Doug Pederson hyped up running the “read-option” play with dual-threat quarterback Jalen Hurts last week. Then, the explosive rookie’s workload decreased in Week 7, from seven snaps to five, but one particular play caught the attention of Heisman Trophy winner Reggie Bush.
Hurts ran it just two times for two yards, including a read-option that fooled no one on the Giants’ defense. Bush called it out as a “predictable play” and cautioned the Eagles about getting Hurts injured. Bush serves as an analyst for FOX Sports.
“Eagles need to stop bringing Jalen Hurts in for that very predictable play,” Bush wrote on Twitter. “Everybody knows it’s going to be read option we get it he can run, but this isn’t college football anymore your going to get him injured.”
Pederson had teased reporters last week about calling more of those read-option plays on offense. The organization sees Hurts more of a threat out of the backfield than under center, especially with starter Miles Sanders out for a few weeks. Hurts was supposed to pick up some of the slack at running back.
“I think it’s something that we’ve got to continue to explore,” Pederson told reporters on Oct. 19. “It does give us the ability to run the football with him, so he’s like another — I don’t want to say he’s another running back, but he’s a quarterback that can run the zone-read plays from the quarterback position.”
Bush is the same guy best remembered by Eagles fans for being knocked out cold in a highlight-reel play delivered from hard-hitting Eagles cornerback Sheldon Brown during a 2006 NFC divisional playoff game. To Bush’s credit, he walked it off but it was a play that probably would be deemed illegal today. Brown later said of the play: “I thought I was going to die.”
Many thought Pederson was going to dial up a creative play-call for Hurts on a 4th-and-goal late in the fourth quarter with the Eagles trailing by four points. They needed four yards so the entire playbook was open, a la carte style. Nope.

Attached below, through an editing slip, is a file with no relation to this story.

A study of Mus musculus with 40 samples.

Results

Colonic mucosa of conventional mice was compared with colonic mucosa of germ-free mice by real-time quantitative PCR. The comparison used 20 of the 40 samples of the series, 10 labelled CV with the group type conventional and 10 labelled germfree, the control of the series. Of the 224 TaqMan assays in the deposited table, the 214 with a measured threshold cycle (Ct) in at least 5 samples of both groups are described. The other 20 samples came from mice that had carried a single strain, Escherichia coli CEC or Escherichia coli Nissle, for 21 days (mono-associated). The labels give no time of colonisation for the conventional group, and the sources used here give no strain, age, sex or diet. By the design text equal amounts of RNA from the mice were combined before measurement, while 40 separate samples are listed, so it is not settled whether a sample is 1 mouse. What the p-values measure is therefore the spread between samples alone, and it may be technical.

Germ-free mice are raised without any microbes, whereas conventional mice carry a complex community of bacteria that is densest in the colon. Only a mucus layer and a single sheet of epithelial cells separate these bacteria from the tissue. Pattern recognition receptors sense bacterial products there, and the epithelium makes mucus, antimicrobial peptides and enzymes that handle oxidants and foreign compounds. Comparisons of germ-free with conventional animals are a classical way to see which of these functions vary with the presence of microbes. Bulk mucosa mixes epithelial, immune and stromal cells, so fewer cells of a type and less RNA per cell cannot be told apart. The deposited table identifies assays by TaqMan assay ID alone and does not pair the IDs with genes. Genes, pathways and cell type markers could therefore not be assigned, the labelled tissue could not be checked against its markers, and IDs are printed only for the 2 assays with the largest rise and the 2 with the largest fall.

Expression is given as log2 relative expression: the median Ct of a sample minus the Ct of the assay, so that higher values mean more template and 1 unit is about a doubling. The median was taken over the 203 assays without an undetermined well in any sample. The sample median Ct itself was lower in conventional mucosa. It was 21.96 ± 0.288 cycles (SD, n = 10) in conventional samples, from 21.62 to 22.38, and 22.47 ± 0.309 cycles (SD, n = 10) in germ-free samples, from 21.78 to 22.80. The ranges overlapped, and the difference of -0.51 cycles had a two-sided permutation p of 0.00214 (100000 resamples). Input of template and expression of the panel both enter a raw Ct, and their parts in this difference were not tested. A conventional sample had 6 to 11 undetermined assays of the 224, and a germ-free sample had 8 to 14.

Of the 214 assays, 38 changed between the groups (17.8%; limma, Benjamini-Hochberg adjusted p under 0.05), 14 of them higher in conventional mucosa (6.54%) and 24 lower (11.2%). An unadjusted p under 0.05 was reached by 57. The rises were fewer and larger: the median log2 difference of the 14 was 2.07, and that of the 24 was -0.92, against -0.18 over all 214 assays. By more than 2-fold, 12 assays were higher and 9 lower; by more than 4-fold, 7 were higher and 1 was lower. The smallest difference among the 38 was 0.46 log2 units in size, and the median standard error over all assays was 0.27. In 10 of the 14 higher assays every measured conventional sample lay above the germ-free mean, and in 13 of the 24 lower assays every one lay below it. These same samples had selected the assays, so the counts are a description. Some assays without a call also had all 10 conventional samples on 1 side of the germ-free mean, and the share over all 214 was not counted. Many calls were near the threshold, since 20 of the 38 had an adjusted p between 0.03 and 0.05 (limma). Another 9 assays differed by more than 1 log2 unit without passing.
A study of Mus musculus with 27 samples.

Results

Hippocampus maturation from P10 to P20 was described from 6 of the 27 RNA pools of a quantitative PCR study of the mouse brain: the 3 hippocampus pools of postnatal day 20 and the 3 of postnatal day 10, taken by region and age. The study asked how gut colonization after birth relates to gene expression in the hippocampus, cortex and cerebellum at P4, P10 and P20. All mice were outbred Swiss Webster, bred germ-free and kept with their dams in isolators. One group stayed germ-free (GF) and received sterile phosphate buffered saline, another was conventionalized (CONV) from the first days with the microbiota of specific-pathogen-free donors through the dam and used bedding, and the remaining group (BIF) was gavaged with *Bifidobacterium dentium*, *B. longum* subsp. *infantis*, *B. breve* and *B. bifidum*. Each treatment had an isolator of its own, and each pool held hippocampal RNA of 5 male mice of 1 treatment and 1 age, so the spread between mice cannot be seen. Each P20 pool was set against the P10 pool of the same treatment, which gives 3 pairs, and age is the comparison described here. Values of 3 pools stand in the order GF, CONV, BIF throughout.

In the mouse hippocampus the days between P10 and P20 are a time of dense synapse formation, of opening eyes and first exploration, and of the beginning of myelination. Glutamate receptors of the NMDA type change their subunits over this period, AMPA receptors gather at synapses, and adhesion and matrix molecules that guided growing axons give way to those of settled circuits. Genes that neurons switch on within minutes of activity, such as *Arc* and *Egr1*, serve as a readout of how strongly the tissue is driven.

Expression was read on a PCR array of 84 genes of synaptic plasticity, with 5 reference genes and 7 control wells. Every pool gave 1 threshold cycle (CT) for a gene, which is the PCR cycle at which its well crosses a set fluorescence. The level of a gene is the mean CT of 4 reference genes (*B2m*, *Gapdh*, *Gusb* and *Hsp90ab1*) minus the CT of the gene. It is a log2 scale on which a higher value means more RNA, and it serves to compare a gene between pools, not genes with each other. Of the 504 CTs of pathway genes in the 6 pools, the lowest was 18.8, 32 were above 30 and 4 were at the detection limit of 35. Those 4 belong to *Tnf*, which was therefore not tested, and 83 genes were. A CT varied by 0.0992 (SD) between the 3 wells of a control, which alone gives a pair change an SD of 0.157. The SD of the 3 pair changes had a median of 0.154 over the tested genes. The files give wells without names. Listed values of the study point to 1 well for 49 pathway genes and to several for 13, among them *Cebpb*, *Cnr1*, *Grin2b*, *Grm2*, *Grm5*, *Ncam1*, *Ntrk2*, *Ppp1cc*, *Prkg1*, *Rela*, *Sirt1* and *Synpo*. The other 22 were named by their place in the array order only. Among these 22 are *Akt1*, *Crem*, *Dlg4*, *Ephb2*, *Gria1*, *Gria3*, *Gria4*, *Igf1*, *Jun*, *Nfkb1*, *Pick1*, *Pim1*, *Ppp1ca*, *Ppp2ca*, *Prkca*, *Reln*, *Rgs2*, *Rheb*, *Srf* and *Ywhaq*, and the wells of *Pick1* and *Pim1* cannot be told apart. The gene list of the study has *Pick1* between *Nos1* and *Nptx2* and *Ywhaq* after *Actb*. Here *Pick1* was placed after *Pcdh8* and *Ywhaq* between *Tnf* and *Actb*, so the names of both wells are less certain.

They ran a fade route for new tight end (and converted wide receiver) Hakeem Butler who was uncovered for a few seconds before Logan Ryan ran over. Carson Wentz’s pass was too low and fell incomplete.
The refs probably should have thrown the flag for pass interference — tons of hand-checking and shirt-grabbing from Ryan — but no laundry flew onto the field. It didn’t help that Butler was initially lined up on the wrong side of the formation, to the left.
“When he got back over to the right side of the field or the right side of the formation, he was uncovered,” Pederson said. “When we snapped the ball, the defender had gotten back over there just in enough time to really knock the ball away. He’s a big, athletic guy and we put that play in specifically for him and the Giants made a play.”
Hurts Compared to Tua Tagovailoa, Mac Jones
Hurts played at Alabama so the comparisons to similarly athletically-gifted quarterbacks, like Tua Tagovailoa and Mac Jones, are going to be thrown out faster than hatchets at an ax-throwing competition.
Current Alabama receiver DeVonta Smith explained the differences between Hurts, Tagovailoa and Jones since he has caught passes from all three of them. Smith is projected to be a first-round pick (paging Howie Roseman?) in the 2021 draft.
“I would say just the way some of them approach the game,” Smith told Bush, via USA Today. “Tua will see something mid-play. Like motioning somebody. Mac is more of a ‘we’re going to stick to it and if this happens, we’re going to check to what it’s supposed to be.’ Jalen was just a student of the game. He would wait until the next play and tell us because when it came back, we’d be ready for it.”